The Student News Site of Texas A&M University - College Station

The Battalion

The Student News Site of Texas A&M University - College Station

The Battalion

Texas A&M utility Gavin Grahovac (9) throws the ball during A&Ms game against Georgia on Friday, April 26, 2024, at Olsen Field. (CJ Smith/The Battalion)
Farewell from the graduating Battalion staff of 2024
The BattalionMay 4, 2024

Liberal arts, conservative budget

Nine years ago former A&M President Ray Bowen presented the Vision 2020, a plan centered around the goal of achieving a Top 10 public university ranking. Since then, A&M has undergone dramatic changes in the effort to meet this goal. Many of our University’s technical science programs currently rank higher than other American research-oriented universities.
However, A&M’s liberal arts program has been left in the shadow of its sister departments, science and engineering.
If President Elsa Murano and the current administration plan to strengthen the liberal arts program as Vision 2020 mandates and reach Top 10 status, they had better focus on creating a more innovative atmosphere that attracts competitive high-school seniors and scholars interested in nonscience related fields. If ranking is all that matters to create change, take note: A&M will never hold a seat beside Texas or University of California Berkeley without equally strengthening every department and creating a well-rounded curriculum for all studies.
While the engineering and science departments reside in their shining, newly constructed edifices, the English department inhabits the decrepit Blocker. It’s a place that is reminiscent of the Richard Nixon era and needs a face lift desperately. The rest of the liberal arts buildings, excluding the George H.W. Bush monument to political science, live in similarly ancient structures.
While some Aggies are required to take one or two composition classes during their four years at A&M, many students test out of core liberal arts classes in their freshman year and graduate without faintly realizing the importance of writing.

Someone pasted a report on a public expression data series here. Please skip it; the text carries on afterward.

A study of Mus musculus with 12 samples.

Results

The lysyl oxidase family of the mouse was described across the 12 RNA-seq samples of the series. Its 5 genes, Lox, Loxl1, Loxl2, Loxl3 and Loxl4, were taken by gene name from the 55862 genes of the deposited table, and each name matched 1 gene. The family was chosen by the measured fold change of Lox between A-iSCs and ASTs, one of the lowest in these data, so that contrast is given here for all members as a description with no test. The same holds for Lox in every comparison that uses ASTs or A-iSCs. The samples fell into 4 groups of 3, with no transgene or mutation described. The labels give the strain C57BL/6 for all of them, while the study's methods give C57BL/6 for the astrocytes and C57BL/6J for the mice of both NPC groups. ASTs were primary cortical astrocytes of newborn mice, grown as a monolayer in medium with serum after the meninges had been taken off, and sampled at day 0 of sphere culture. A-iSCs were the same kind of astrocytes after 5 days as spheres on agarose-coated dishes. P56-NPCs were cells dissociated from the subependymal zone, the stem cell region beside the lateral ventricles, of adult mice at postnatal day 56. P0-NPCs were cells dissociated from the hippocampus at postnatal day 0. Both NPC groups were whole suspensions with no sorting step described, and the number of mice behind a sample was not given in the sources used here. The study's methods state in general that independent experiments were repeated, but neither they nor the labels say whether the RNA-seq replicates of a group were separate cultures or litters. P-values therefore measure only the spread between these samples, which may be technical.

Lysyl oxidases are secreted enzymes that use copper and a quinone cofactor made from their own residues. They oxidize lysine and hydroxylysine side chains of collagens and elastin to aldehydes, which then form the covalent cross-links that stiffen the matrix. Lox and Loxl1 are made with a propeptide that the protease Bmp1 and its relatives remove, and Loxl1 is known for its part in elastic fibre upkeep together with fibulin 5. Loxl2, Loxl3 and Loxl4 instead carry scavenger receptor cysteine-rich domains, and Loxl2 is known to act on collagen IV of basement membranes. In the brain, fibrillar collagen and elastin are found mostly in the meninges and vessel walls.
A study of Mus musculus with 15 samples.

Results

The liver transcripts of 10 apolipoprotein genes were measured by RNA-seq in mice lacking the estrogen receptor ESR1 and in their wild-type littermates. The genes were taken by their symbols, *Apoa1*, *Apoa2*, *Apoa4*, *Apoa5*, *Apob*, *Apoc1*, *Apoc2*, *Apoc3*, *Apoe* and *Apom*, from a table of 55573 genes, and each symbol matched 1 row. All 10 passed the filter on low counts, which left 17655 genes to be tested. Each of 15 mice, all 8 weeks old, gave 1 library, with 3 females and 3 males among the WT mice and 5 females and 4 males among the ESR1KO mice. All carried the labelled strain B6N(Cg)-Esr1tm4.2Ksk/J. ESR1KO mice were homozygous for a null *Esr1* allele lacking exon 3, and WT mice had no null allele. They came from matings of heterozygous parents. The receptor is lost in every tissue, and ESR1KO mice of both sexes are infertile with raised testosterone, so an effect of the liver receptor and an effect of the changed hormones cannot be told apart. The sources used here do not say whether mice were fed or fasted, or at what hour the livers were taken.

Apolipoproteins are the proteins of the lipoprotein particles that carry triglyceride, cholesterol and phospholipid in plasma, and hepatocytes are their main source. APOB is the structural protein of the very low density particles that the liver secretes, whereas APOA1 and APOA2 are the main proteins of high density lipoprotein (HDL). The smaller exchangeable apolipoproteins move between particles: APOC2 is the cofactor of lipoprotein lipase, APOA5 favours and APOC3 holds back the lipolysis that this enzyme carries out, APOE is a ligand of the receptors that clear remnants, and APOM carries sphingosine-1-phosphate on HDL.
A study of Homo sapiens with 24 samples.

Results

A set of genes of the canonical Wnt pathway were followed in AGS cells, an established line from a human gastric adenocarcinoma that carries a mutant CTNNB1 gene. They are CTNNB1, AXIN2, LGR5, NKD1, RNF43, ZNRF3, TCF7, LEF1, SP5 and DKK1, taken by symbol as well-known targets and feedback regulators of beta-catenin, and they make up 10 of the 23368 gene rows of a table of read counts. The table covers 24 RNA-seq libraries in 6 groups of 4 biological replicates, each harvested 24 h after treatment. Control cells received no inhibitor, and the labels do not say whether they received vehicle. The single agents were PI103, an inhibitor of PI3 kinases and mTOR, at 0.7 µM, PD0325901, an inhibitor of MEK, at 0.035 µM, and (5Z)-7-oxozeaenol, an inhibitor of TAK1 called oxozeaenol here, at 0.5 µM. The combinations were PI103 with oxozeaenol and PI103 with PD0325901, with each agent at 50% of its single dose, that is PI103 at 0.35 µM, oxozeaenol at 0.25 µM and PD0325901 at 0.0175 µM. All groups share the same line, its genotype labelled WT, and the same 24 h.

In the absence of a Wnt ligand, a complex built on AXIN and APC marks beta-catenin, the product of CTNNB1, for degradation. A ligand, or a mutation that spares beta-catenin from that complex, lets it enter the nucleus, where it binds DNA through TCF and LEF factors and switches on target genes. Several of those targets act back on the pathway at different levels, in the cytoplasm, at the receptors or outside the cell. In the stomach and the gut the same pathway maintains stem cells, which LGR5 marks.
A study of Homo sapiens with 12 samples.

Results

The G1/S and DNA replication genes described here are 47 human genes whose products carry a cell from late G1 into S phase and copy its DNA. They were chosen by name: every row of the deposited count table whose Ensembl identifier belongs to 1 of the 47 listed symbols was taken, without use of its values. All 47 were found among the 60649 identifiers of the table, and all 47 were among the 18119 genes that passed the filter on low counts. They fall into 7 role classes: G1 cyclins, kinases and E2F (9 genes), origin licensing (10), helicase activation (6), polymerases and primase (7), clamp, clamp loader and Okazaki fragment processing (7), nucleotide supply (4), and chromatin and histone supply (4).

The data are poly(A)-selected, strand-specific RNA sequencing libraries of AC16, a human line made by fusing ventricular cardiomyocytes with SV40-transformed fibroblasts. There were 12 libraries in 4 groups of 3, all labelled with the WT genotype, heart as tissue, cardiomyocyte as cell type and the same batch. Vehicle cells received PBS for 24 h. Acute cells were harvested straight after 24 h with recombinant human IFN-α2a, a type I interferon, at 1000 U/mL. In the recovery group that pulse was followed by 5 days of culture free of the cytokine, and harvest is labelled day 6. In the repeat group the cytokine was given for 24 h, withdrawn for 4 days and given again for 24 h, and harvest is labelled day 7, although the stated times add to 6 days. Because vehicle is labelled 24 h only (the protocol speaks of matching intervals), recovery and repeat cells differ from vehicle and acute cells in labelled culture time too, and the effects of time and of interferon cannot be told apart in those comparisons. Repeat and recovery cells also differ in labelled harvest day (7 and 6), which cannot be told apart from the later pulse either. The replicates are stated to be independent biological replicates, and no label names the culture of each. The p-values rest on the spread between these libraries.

Students majoring or enrolled in a liberal arts curriculum sit in classes of 30 to 40, listening to the professor lecture. Pupils would benefit more in smaller classes, where they would be under more pressure to participate rather than “Facebook” on their laptops in impersonal lecture halls.
Considering the amount of hours an Aggie takes each semester to receive their diploma, the idea of requiring yet more courses unrelated to their major may appear ludicrous. This premise is a legitimate argument. Why should science students spend their hard earned money to understand Hemmingway, Voltaire or sociological theories when they could be taking additional Statistic courses and gaining experience for the workforce?
Learning about English, philosophy, history, politics and other liberal arts majors isn’t about hookah stations and poetry sessions. These studies provide priceless skills many students lack, the ability to create, to analyze and to think holistically. In the sciences, the constant regurgitation of information leaves little time for the students to think abstractly.
Albert Einstein, an avid scholar of both arts and sciences, famously said, “The value of an education in a liberal arts college is not the learning of many facts but the training of the mind to think something that cannot be learned from textbooks.”
Are Aggies being taught to place more value on knowledge, or imagination?